Demonstrators camped outside Sudan's army headquarters may be baying for the military to hand over power, but Khartoum's key Arab allies are throwing their weight behind the generals, analysts say.
Sudan's army ousted veteran president Omar al-Bashir on April 11 on the back of a popular uprising, and since then the military council that took power has resisted calls to transfer the reins to civilians.
For weeks now, the 10-member council and protesters have failed to make a breakthrough at talks on forming an overall ruling joint civilian-military body.
And while Western powers are backing protester demands for a transfer of power, Sudan's allies Saudi Arabia, the United Arab Emirates and Egypt seem to be angling for the generals to stay put.
"There are clear signs that Egypt and Gulf Arab states have thrown their support to the military council, thereby emboldening the council," said Eric Reeves, a Sudan expert at Harvard University.
Just days after Bashir's toppling, Saudi Arabia and the UAE voiced backing for the army council, calling for "stability".
The regional powerhouses then offered a $3-billion aid package to Sudan, which is battling a worsening economic crisis -- the key factor that triggered nationwide protests against Bashir.
Alongside the two Gulf countries is Egypt, analysts said, with Cairo appearing to use its diplomatic clout as the head of the African Union to extend a timeframe set by the regional body for Sudan to carry out a "democratic transition".
"It certainly shows these countries find it necessary to keep the army in Sudan's ruling council," said Khaled Tijani, editor-in-chief of Sudanese economic weekly Elaff.
"One of the main interests of Saudi Arabia and the UAE will be in ensuring Sudan remains committed to its troop deployment in Yemen," said Willow Berridge, author of Civil Uprisings in Modern Sudan and lecturer in history at Newcastle University.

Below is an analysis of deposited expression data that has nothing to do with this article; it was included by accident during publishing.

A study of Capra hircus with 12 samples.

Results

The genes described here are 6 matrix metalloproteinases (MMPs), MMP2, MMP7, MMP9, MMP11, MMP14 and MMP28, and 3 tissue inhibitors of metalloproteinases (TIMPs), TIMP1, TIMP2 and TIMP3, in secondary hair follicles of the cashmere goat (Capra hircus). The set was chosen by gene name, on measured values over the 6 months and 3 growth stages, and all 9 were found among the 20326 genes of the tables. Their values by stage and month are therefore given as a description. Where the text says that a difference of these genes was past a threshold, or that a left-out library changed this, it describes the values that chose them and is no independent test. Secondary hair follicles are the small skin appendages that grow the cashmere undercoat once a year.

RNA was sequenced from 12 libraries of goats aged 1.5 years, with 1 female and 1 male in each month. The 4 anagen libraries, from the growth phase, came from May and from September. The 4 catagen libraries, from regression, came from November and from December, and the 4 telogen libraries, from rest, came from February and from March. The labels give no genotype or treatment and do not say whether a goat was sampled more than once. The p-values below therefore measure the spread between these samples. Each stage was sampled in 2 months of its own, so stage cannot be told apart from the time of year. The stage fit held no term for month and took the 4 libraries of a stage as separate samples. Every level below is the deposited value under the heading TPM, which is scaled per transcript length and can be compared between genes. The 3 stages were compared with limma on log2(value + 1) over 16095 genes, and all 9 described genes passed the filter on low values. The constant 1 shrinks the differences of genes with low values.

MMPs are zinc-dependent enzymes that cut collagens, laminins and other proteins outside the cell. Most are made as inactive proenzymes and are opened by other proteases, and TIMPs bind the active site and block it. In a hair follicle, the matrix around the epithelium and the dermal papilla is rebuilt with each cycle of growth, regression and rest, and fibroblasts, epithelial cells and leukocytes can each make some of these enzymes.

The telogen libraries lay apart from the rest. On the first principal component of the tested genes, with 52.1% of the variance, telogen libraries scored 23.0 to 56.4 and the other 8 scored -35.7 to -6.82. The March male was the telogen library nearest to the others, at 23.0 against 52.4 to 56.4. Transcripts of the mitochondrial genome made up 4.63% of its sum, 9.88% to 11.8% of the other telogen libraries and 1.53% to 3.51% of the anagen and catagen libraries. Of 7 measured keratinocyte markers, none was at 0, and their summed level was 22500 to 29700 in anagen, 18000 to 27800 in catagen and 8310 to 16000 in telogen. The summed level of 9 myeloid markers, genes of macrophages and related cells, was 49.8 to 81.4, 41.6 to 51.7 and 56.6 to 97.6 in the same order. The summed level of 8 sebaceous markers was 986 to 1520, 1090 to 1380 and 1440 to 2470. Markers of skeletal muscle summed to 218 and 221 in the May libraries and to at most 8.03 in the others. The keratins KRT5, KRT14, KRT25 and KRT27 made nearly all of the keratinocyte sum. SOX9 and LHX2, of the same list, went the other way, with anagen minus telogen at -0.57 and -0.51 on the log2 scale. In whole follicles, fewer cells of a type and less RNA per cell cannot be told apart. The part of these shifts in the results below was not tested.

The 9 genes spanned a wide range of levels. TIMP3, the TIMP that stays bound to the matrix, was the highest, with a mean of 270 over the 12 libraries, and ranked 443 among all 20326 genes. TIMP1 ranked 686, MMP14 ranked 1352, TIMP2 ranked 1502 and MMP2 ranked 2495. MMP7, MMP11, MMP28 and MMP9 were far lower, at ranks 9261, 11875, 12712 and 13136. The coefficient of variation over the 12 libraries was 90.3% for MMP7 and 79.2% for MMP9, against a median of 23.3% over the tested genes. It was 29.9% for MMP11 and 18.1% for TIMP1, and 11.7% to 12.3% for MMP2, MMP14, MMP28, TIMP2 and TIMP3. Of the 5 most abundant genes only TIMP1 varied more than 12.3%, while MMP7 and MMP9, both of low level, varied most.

Bashir deployed Sudanese troops to Yemen in 2015 as part of a major foreign policy shift that saw Khartoum break its decades-old ties with Shiite Iran and join a Saudi-led coalition fighting Huthi rebels.
The chief of Sudan's ruling military council General Abdel Fattah al-Burhan and his deputy Mohamed Hamdan Dagalo, widely known as Himeidti, have been the architects behind Sudan's troop deployment in Yemen, analysts and rights groups say.
The Gulf countries "are likely to want to keep them in as powerful a position as possible", Berridge told AFP.
It has remained unclear how many of Khartoum's soldiers are fighting in Yemen, but Sudanese media has reported that hundreds of soldiers and officers are deployed and have often suffered casualties, fanning popular ire against Bashir before he was ousted.
Beyond conflict-torn Yemen the Arab powers may have a reason closer to home to back the generals -- a fear of the protests catching on.
The crowds of Sudanese taking to the streets do not want the military -- who they see as a "copycat" of Bashir's regime -- to decide the fate of their country.
For some authorities around the region, any chance of a repeat of the 2011 Arab Spring that roiled Egypt and the wider region is a frightening prospect.
"Neither Egypt nor the Gulf states want a secular democracy in the region -- a dangerous example to their own people suffering under their repressive regimes," said Reeves.
'Lot of hard feelings'
Neighbour Egypt also has its own special motives for wanting Sudan to remain in the grip of the generals.
"Egypt's relations with Sudan are more complex than those with Gulf countries," said Tijani.
The two countries have often had tense relations including over a border dispute and disagreements about the construction of a dam on the Nile by Ethiopia that Cairo says threatens its share of the water.
Prior to Bashir's downfall, President Abdel Fattah al-Sisi had patched up ties with Khartoum, and analysts say the Egyptian leader sees the generals as his best bet to maintain that.
The day Bashir was ousted, Cairo voiced its full belief in "the ability of the brotherly Sudanese people and their loyal national army to overcome the challenges of this critical stage".
The manoeuvring by the Arab powers has not gone unnoticed on the streets of Khartoum.
Protesters gathered outside Cairo's embassy in Khartoum last month, flashing "no to intervention" banners and calling on Sisi to "mind his own business".
Demonstrators have also railed against Saudi Arabia and the UAE despite the aid package offered to support Sudan's weakening currency and provide food and fuel supplies.
Many have carried placards reading "No to Saudi and Emirati aid" and "Leave us alone".
Egypt, Saudi Arabia and the UAE "are fighting hard on behalf of the military council, and in doing so are generating a lot of hard feelings on the part of the uprising", said Reeves.
These feelings "will not go away if the uprising is successful", he cautioned.